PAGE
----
There is a special and emphatic connection between mothers and daughters which links them together in a crucial and lifelong way. Is there a daughter anywhere who can say that she is not carrying within her psyche and conscience a portion of her mother? And is there a mother anywhere who will not honestly admit that, although her daughter may not be near her physically, she resides in her heart and lingers in her consciousness? Both mother and daughter are at some point in time on their own. But they remain deeply embedded in each other as well.

Woody Allen's first dramatic film explores the disastrous results of cultivated interiority as practiced by Eve (Geraldine Page), a New York decorator; and her daughters Renata (Diane Keaton), an accomplished poet; Joey (Marybeth Hurt), an unhappy woman with the temperament of an artist but not the talent; and Flyn (Kristin Griffith), a moderately successful TV star. Eve has been unhinged by a trial separation initiated by her husband (E.G. Marshall). Although she has suffered two mental breakdowns and attempted suicide as a result of her inability to deal with this trauma, she still presumes to dominate her three daughters as she did during their childhoods. They in turn are at a loss to know how to handle the unsettling situation. Renata, who feels rejected by both parents, tries to cheer Eve up with false predictions that she can reconcile with her husband. All this daughter receives in response are complaints about her aloofness as an artist. Joey, who has always been her father's favorite, refuses to fuel her mother's hopes; she then must endure Eve's protests and hurt looks. Flyn is generally out of the picture, living in California. In point of fact, none of her daughters can win Eve's approval nor save her from drowning in self-pity.

When their father returns from a trip to Europe with Pearl (Maureen Stapleton), a vibrant, earthy matron, and declares their intention to marry, all the pent-up fears, frustration, and competition between Eve and her daughters is set loose. The whole family seems poised on the edge of the void. The warmth that Renata, Joey, and Flyn have missed from their mother has affected their relationships with men. Renata's marriage to Frederic (Richard Jordan), a self-abusive novelist, is unsatisfying to both of them; he has begun to regard her words of encouragement with the same disdain her mother has for them. Joey's affair with Mike (Sam Waterston) is also wobbly; she doesn't know what she wants to do with her life and can't convey her feelings to him. Flyn comes across as equally unsure of herself and unable to give affection. All three daughters have very low opinions of themselves. They haven't been given the necessary motherly nurture; now that Eve needs them, they are incapable of responding.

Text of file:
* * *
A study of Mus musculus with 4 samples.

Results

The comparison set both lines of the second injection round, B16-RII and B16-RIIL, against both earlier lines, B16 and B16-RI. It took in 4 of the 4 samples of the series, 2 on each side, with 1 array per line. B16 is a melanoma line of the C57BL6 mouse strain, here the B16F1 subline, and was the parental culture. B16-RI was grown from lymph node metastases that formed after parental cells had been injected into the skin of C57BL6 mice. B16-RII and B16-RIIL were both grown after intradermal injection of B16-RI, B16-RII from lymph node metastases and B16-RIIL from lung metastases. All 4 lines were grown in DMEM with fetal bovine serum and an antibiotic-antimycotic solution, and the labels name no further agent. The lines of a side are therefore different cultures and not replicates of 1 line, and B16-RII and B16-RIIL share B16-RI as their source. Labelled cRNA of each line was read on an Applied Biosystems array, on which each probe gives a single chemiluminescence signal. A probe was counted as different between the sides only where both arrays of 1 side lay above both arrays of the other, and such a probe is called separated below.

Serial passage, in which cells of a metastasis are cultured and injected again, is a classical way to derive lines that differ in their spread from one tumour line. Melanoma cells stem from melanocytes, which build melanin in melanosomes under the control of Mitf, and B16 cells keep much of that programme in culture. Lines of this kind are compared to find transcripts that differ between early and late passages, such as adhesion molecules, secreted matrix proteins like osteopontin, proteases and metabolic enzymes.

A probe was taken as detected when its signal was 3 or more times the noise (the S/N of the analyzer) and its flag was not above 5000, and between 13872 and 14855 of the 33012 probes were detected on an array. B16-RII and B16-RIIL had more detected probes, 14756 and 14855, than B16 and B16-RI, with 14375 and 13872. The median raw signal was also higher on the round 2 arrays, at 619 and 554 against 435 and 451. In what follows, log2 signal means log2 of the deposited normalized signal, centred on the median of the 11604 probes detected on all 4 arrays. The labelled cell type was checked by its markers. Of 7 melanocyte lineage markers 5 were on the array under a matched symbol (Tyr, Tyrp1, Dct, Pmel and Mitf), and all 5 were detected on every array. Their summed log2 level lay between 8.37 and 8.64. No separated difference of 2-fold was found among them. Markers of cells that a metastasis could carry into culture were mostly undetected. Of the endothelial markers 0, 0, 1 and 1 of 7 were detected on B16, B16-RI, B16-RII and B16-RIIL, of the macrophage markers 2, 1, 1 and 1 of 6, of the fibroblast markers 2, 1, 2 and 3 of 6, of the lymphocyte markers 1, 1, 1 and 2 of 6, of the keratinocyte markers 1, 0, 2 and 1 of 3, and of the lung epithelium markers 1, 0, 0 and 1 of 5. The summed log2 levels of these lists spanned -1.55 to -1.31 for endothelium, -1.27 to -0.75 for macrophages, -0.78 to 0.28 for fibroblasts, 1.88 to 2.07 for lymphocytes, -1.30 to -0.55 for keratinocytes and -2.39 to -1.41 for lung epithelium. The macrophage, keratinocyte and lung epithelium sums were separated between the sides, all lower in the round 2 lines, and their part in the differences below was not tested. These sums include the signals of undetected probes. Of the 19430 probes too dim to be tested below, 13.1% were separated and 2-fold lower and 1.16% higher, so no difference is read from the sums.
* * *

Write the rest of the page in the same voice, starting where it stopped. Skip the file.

There is a claustrophobic feel to Interiors. Cinematographer Gordon Willis keeps the shots up close and the outdoor imagery spare. This tone intensifies the impression that Eve and her daughters, despite their mutual interest in the arts, are sealed off from each other, walled up in their own interiors. Their inwardness leads not to rejuvenation (like the interior journeys of so many artists) but rather to anxiety. The only one with any spark of confidence in this drama is Pearl and she passes through like a hot breeze in a chilly room.

Interiors has received a mixed response from the critics and the public. It has been acclaimed by some as a cinematic masterpiece. Not quite — although it is certainly one of the year's finest American films. Woody Allen has proven that seriousness is at the heart of a comic soul. On the other hand, Interiors has been criticized by some for its heavy debts to Ingmar Bergman and for Allen's refusal to suggest a way out of the labyrinth of hopelessness which entraps Eve and her daughters. Not so. The Bergman influence is there but Allen's art is peculiarly his own. It has a decidedly American psychoanalytic foundation and a specific urban temper. To condemn this movie because it offers no grace or redemptive comedy is to ask more of the film than it should be expected to give. Its razor-sharp view of mother-daughter distress is a shrill siren which may because of the severity of its tone help many see the light. Or to put it another way, Interiors tells its story so convincingly within the house of negation and emptiness that, by the rule of opposites, it offers us a clear picture of what a healthy mother-daughter relationship must entail. And the first ingredient is an ability to deal honestly and openly with each other. The daughter must be willing to confront both the good and the bad mother and forge out an adult response consistent with her own self.